Under the looming shadow of Trump Tower, the northwest corner of Fifth Avenue and 54th Street belongs, unofficially, to a man named John and his coffee cart. On weekday mornings between the hours of 5 a.m. and 11 a.m., John, in his black fedora and white apron, can be found here selling coffee, pastries, egg sandwiches, and juices to the commuter crowd. He’s been parking at this same plot of Midtown sidewalk for nine years, and has survived myriad challenges posed by the ever-changing cityscape.
Still, nothing could prepare him for the unique predicament he now faces: On November 9th, an interim White House materialized just two blocks north of his place of business. Metal and concrete barricades, roadblocks, K-9 units, and a veritable army of police in riot gear now fortify the immediate radius surrounding Trump Tower. For John and his coffee cart, the effect of this heightened security has been catastrophic.
“The first two weeks [after the election], the police would not let me work,” he tells me on a drizzling Wednesday morning. “They said ‘you’re too close,’ so I lost my income. It hurt me bad.” Last week, John was permitted to return to his longtime spot. But because his coffee cart business depends on regulars, many of whom have altered their commutes to avoid the area, John’s struggles continue. “People take different routes now, so I don’t get my customers.”
Reynaldo, who operates a coffee cart on the Trump Tower-side of 55th Street and Fifth Avenue, offers an even bleaker prognosis. “After Mr. Trump won the election, the business went down about 70 to 80 percent,” Reynaldo says. “My regular customers don’t like to pass because of the protection.”
Asked if any of the recent neighborhood additions—like the protesters, police, or media—have helped offset these losses, both Reynaldo and John shake their heads. John is especially frustrated with the media, whose news trucks now occupy the area’s precious few parking spaces. “If I can’t park my van, I can’t work,” he says.
The influx of tourists, eager to get their photos taken in front of the gold-emblazoned name of our soon-to-be president, don’t seem to be helping matters either. “Those people go to the high class restaurants, not here,” Reynaldo says. “Some places have it better, some places have it worse. What are you going to do?”
The seemingly obvious solution is to relocate, which both vendors say they’ve considered. But it’s apparently not so easy as wheeling the cart over to the next block, thanks to a complex web of rules—both written and unwritten—that govern the New York City food cart universe.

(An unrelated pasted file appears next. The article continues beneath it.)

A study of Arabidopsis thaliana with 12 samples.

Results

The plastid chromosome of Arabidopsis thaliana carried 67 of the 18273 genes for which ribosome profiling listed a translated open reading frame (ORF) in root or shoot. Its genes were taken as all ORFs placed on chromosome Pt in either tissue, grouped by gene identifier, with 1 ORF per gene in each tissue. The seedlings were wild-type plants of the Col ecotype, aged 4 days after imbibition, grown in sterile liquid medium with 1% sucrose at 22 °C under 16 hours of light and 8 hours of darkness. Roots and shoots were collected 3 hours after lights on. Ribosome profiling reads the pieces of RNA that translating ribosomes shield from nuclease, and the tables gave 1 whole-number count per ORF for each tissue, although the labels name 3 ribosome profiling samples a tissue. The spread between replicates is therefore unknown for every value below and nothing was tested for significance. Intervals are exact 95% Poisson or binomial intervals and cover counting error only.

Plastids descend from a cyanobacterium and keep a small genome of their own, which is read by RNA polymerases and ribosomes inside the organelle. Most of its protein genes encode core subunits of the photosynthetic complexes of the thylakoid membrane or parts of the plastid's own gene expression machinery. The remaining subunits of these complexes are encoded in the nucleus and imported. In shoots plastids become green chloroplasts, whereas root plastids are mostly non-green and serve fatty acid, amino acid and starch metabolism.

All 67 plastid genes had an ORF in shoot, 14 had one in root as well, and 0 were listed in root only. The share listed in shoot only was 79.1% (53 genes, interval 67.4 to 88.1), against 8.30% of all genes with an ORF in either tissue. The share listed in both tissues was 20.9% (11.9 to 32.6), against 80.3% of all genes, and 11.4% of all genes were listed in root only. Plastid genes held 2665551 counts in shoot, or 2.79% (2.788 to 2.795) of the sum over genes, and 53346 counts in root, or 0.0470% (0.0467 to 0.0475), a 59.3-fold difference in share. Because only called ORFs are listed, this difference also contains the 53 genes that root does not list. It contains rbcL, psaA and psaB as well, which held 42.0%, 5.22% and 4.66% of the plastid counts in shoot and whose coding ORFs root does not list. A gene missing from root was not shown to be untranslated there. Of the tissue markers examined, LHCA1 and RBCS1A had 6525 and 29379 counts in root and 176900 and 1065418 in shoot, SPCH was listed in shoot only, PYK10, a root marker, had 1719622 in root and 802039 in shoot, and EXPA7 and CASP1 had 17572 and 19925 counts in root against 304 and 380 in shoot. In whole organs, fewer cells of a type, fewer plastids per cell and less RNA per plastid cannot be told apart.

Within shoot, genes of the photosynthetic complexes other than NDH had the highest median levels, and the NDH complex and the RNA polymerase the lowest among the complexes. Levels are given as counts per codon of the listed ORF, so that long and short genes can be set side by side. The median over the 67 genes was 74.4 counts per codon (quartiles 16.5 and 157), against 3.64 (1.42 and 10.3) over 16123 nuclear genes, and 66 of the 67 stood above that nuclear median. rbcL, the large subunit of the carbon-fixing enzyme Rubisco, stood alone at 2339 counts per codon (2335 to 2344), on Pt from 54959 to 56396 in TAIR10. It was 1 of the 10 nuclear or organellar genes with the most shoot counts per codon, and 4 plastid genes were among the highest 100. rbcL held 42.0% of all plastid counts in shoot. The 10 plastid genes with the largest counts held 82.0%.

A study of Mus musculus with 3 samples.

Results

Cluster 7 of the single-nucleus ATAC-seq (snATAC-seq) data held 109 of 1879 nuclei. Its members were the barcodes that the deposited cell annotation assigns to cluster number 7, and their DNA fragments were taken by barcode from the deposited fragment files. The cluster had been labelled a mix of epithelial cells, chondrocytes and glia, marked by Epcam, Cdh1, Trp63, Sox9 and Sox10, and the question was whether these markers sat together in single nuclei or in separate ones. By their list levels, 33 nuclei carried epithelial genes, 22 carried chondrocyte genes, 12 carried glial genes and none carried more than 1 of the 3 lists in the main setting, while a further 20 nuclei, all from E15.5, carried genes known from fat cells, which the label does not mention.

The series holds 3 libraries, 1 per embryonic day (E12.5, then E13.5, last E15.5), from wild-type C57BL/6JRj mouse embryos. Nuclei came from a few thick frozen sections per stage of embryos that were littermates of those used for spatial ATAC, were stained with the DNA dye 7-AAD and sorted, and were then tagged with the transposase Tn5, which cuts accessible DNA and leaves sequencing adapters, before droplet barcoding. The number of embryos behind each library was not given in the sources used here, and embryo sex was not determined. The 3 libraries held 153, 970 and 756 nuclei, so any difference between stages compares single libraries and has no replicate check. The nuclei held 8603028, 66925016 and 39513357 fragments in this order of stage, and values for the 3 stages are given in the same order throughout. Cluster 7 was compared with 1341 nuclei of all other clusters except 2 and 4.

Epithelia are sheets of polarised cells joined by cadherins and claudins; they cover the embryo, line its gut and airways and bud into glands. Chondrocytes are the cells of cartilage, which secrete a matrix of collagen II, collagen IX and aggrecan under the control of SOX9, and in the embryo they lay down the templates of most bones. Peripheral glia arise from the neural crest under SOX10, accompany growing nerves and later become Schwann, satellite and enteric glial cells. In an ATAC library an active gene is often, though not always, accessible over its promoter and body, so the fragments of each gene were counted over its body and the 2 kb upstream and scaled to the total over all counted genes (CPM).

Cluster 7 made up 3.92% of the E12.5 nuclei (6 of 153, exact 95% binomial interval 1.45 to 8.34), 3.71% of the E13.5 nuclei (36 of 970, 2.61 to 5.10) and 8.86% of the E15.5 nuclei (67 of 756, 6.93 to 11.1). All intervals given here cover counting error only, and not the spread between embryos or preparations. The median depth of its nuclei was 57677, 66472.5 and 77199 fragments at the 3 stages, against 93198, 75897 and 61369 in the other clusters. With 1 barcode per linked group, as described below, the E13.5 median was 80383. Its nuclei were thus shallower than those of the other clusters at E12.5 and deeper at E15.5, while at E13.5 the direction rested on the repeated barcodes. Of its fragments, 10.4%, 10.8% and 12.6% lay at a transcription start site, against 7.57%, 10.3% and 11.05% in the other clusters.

In 1981, facing pressure from the restaurant industry, Mayor Ed Koch capped the number of city-wide mobile vendor permits at 3,000. As a result of this limited supply, most vendors must now obtain their permits—technically priced at $200—on the black market, where yearly costs can run upwards of $10,000. The inflated pricing has led to strange, often exploitative, partnerships between food-cart operators and permit-holders. In many cases, a vendor may own his merchandise and equipment, yet still work as an employee of the original permit-owner. Under such an arrangement, the critical decision of location may not be up to the cart owner at all.
Adding to the confusion, the conventions of vendorship dictate that the most valuable locations are basically allotted through permanent dibs. A prized corner may be held by the same cart for years, or even passed down through generations. So although John is fortunate enough to fully own his permit, relocating would mean forfeiting the claim on his turf of nearly a decade. For now, his plan is to wait and see. “I’m hoping he goes to Washington,” John says. “No one likes him in New York, anyway.”
The final coffee cart I visit belongs to Nasser. His spot is on the corner of Madison and 55th, just a half-block south from the jutting rear of Trump Tower. Nasser’s setup is different than the other two—he doesn’t have a griddle, his bagels are already spread with cream cheese, and his coffee costs $1.25 rather than a dollar. Reasonably, Nasser is hesitant to discuss the state of his business with a stranger.
Still, I hang out for awhile, downing my third coffee of the morning and chatting with Nasser during the lulls between customers. He has four kids, I learn, and a big house in Brooklyn with too-high rent. It is nearly 11 a.m., and in a few minutes he’ll drive his cart to a garage in Long Island City, then head to his second job at a coffee distributor in Flushing, Queens. Between his two jobs, Nasser regularly works 15-hour days.
“I’ve been doing this five years,” he tells me. “That’s nothing though,” he adds, pointing to the adjacent hot dog vendor just now setting up his cart. “My friend has been here for 20.”
As Nasser is packing up for the day, a half-dozen orange-vested city workers form a line at his window. One by one, he pours their coffees, bags their danishes, and butters their rolls. “Hold up,” one of the men says after receiving his change. “The coffee isn’t a buck?”
“Sorry, my friend,” Nasser says, smiling. “That’s the President Trump price.”